Field of Science

Biogeography of Triassic tetrapods

Interesting approach and personally timely as I just happen to really be into Triassic biogeography at the moment; however, I think this study suffers somewhat from the usual culprits, lack of taxon sampling and unresolved taxonomic issues (weak primary data).  For example, basal phytosaurs are completely left out which have an early and widespread appearance in the Late Triassic.  These are extremely important as they are found in Europe, North America, North Africa, and interestingly in India.  Including these would have changed several of the paper's conclusions.  Likewise, the aetosaur Calyptosuchus (Stagonolepis) wellesi is purposefully left out as is Coahomasuchus, which are two important datapoints for aetosaurs in the Ischigualastian of North America.  I wish I had been contacted regarding this study as I would have gladly suggested some less "key" aetosaur taxa to leave out if better resolution was needed for the basal aetosaurines.  It is also not entirely clear if the Ischigulastian and Coloradian are applicable outside of South America.  It appears that they are presented as equivalent to the Otischalkian + Adamanian and Revueltian + Apachean of North America.  This was first put forth by Max Langer in 2005 and has some support, but needs further testing, especially regarding the relationships of all of the Stagonolepis-like aetosaurs, the lack of good phytosaur material in South America, and lack of good (or any) comparable rhynchosaur, cynodont, and sauropodomorph material in North America.

On a side note, it was nice to see Heliocanthus used in there.

Ezcurra, M. D. 2010. Biogeography of Triassic tetrapods: evidence for provincialism and driven sympatric cladogenesis in the early evolution of modern tetrapod lineages. Proceedings of the Royal Society B, doi:10.1098/rspb.2010.0508 Published online.

Abstract - Triassic tetrapods are of key importance in understanding their evolutionary history, because several tetrapod clades, including most of their modern lineages, first appeared or experienced their initial evolutionary radiation during this Period. In order to test previous palaeobiogeographical hypotheses of Triassic tetrapod faunas, tree reconciliation analyses (TRA) were performed with the aim of recovering biogeographical patterns based on phylogenetic signals provided by a composite tree of Middle and Late Triassic tetrapods. The TRA found significant evidence for the presence of different palaeobiogeographical patterns during the analysed time spans. First, a Pangaean distribution is observed during the Middle Triassic, in which several cosmopolitan tetrapod groups are found. During the early Late Triassic a strongly palaeolatitudinally influenced pattern is recovered, with some tetrapod lineages restricted to palaeolatitudinal belts. During the latest Triassic, Gondwanan territories were more closely related to each other than to Laurasian ones, with a distinct tetrapod fauna at low palaeolatitudes. Finally, more than 75 per cent of the cladogenetic events recorded in the tetrapod phylogeny occurred as sympatric splits or within-area vicariance, indicating that evolutionary processes at the regional level were the main drivers in the radiation of Middle and Late Triassic tetrapods and the early evolution of several modern tetrapod lineages.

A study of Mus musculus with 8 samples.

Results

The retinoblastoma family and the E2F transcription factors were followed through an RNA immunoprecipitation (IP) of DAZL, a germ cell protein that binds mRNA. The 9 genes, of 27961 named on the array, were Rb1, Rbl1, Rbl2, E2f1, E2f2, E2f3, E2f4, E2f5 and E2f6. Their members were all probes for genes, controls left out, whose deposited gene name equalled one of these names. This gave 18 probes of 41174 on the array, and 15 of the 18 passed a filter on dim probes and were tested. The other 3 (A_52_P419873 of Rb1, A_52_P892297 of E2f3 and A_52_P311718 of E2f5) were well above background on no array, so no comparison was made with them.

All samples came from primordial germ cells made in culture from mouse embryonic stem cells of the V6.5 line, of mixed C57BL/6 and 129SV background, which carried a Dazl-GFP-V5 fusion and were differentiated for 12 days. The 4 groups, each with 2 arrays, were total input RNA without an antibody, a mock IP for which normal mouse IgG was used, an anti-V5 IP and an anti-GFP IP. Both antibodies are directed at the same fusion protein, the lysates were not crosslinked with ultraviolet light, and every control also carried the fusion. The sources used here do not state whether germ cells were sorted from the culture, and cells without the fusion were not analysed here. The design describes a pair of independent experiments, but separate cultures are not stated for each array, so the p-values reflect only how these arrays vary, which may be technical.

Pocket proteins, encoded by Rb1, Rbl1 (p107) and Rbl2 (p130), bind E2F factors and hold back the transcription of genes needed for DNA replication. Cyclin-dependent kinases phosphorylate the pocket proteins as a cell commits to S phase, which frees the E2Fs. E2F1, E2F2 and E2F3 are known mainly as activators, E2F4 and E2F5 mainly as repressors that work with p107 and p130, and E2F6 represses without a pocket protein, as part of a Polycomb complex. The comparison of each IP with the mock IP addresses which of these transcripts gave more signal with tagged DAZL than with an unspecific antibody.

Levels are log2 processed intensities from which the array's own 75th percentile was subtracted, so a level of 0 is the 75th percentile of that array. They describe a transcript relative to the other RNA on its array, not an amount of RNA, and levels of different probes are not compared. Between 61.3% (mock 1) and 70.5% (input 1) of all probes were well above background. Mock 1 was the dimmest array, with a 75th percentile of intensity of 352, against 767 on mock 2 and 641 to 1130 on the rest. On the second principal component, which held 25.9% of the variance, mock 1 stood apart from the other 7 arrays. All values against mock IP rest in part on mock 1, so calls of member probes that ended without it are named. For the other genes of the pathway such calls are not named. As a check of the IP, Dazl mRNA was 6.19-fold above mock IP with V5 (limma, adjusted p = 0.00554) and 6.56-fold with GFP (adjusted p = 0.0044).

5 comments:

  1. Hi Bill!
    Your are right regarding the taxon problem, but ambiguous phylogenetic relationships are a large problem at the time of performing this kind of analyses. At first hand, I included Calyptosuchus wellesi and Coahomasuchus in the analyses, but I have to pruned them because the program TreeMap doesn't allow politomies at the phylogeny. The same problem is with for example Parasuchus, since no recent quantitative phylogenetic analyses found non-ambiguous relationships for this taxon.
    But I'll try to find the way to include these taxa in the new and larger biogeographic analysis that I'm working right now. Bill, I will be happy to receive any suggestions to my e-mail.


    Taxon sampling will always be a problem when dealing with fossils and biogeography, however, I just didn't agree with some of the taxa you were forced to exclude as I believe their non-inclusion distorted your results.

    There is a phytosaur phylogeny by Michelle Stocker that is in press and includes many basal North American taxa, and I am currently building a larger phylogentic dataset for the aetosaur with the goal of elucidating the relationships of the Aetosaurus-like and Stagonolepis-like taxa. My preliminary results are rather interesting.

    Let's talk about this some more for your next project.

    Thanks for the info. Please, let me know when these analyses will be available. I'll be happy to have your opinion about my next Triassic biogeographic analysis in the future.